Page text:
For the Love of the Game
At the club’s 10th anniversary, the Pittsburgh Passion is at the forefront of women’s football.
Photo courtesy of the Pittsburgh Passion
Lisa Horton doesn’t have much free time. As the veteran quarterback for the Pittsburgh Passion women’s football team, she’s at practice every night, running drills and developing plays.
At her day job, Horton is the CEO of D1 Pittsburgh, a sports training center housed in the Greentree SportsPlex; she spends her days keeping athletes in shape (and helping young people become world-class competitors).
And if that’s not enough, she’s also trying to train a puppy.
“It’s grueling at times, but it teaches you perseverance,” she says of her schedule. “I don’t know how the parents on the team do it.”
The Pittsburgh Passion, now part of the Women’s Football Alliance, is ready to celebrate its 10th season. Throughout the past decade, the team went undefeated in the regular season three times (2007, 2008 and 2011), won a National Women’s Football Association championship (2007) and racked up an overall record of 55-22. Impressively, they achieved these results with a roster of volunteer players … and only one full-time, paid staffer: Teresa Conn.
All that success — especially in a sport with almost no profitable franchises, where teams scrape to make it to road games — has attracted some serious attention. They’ve partnered with the Pittsburgh Riverhounds soccer team to develop their new stadium in Station Square.
They’ll host the WFA National Championship game this fall (and were selected because of their strong fanbase and success as an organization). They were honored as the 2011 Dapper Dan Sportswomen of the Year in March. And last year, they gained a co-owner who knows a thing or two about Pittsburgh football: Franco Harris.
In 2007, Horton led the squad to its first national title; after a few years away, she decided to return to a Passion lineup that had become one of the most enduring and dominant in women’s football.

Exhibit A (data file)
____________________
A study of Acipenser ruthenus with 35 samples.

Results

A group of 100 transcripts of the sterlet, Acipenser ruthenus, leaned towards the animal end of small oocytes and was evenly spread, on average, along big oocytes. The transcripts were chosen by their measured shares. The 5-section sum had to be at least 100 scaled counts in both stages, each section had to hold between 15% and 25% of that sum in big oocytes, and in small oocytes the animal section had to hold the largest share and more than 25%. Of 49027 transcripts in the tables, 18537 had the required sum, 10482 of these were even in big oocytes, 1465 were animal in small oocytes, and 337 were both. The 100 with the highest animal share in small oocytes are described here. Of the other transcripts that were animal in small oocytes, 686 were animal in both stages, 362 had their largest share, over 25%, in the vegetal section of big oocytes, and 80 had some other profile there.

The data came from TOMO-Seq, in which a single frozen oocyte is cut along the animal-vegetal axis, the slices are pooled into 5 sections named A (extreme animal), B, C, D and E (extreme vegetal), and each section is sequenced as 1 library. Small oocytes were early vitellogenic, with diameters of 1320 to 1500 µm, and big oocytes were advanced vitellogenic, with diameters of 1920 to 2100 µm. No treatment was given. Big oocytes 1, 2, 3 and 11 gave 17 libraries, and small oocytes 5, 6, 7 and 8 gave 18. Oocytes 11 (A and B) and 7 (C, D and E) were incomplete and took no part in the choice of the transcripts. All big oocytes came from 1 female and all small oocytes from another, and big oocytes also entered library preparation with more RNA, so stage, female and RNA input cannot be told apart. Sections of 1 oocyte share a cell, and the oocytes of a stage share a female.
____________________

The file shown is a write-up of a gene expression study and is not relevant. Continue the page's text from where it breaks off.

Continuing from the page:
Horton first came to Pittsburgh to try out for the Passion before the team’s inaugural season. A native of Middlesburg Heights, Ohio, she was coaching softball while earning a master’s in Exercise Science and Wellness at Slippery Rock University; when she heard about this new women’s football team (just an hour away), she knew she had to be a part of it.
“It’s in my blood,” she says. “From a physicality standpoint, it’s the sport I was meant to play.”
At the 2002 tryout, Horton met Conn, another strong athlete eager to get involved with the Passion. Conn, who’s currently the head coach and owner, played seven seasons with the team. The Passion lured Conn away from a 16-year teaching career; even having made that leap of faith, she “never dreamed it would take off like this.”
“We’ve been growing every year,” she says. “The fans led us to a great deal of success. We have been incredibly blessed that the city is behind us.”
Conn handles all aspects of team business — from planning travel and working with the WFA to setting up local events and charitable work. She’s grateful for dedicated volunteer help from players and friends (like Jennifer Yee, who serves as marketing director entirely pro bono) — but fundamentally, the organization’s survival and success are riding on Conn.
“I jumped in with both feet and had to make this work,” she says. “I loved it and wanted to see it succeed — and I knew that it could.”
The team’s goals and ambition have rapidly expanded since 2002. They’re eager to move into their new home. (They’ll play this season at their old stomping grounds, George K. Cupples Stadium in South Side, and transfer to Station Square for 2013; however, the National Championship Game will be played at the new stadium.) They’re working to establish girls’ youth flag football leagues in Pittsburgh and transfer their love of the game to another generation. And they’re taking the Passion name across the pond: Several players will be part of a U.S. national roster in an upcoming women’s flag football tournament in Sweden.
But the real goal — the immediate, driving objective — is to win another National Championship. Especially this year, when they’ll have a chance to do it in front of a hometown crowd.
Although that’s a rather sweet dream, it’s still a tough season away. There are 60-plus teams in the WFA, and the Passion will have to dominate their division (as well as new crosstown rivals, the Pittsburgh Force), to even qualify for the massive single-elimination
tournament that will bring them back home.
In the meantime, Conn says, they just want every dyed-in-the-wool local football fanatic to come see them play. The Passion will take the field at Cupples Stadium four times this year: May 5 against the Cleveland Fusion, May 12 against the Toledo Reign, June 2 against the D.C. Divas and June 9 against the Columbus Comets. You can also catch that all-’Burgh throwdown May 19, when the Passion will take on the Force on their home turf, the William V. Campbell Athletic Field in Munhall.
“You can’t be in this city without loving football — and these are your neighbors,” Conn says. “You’ll see heart. You’ll see excitement.”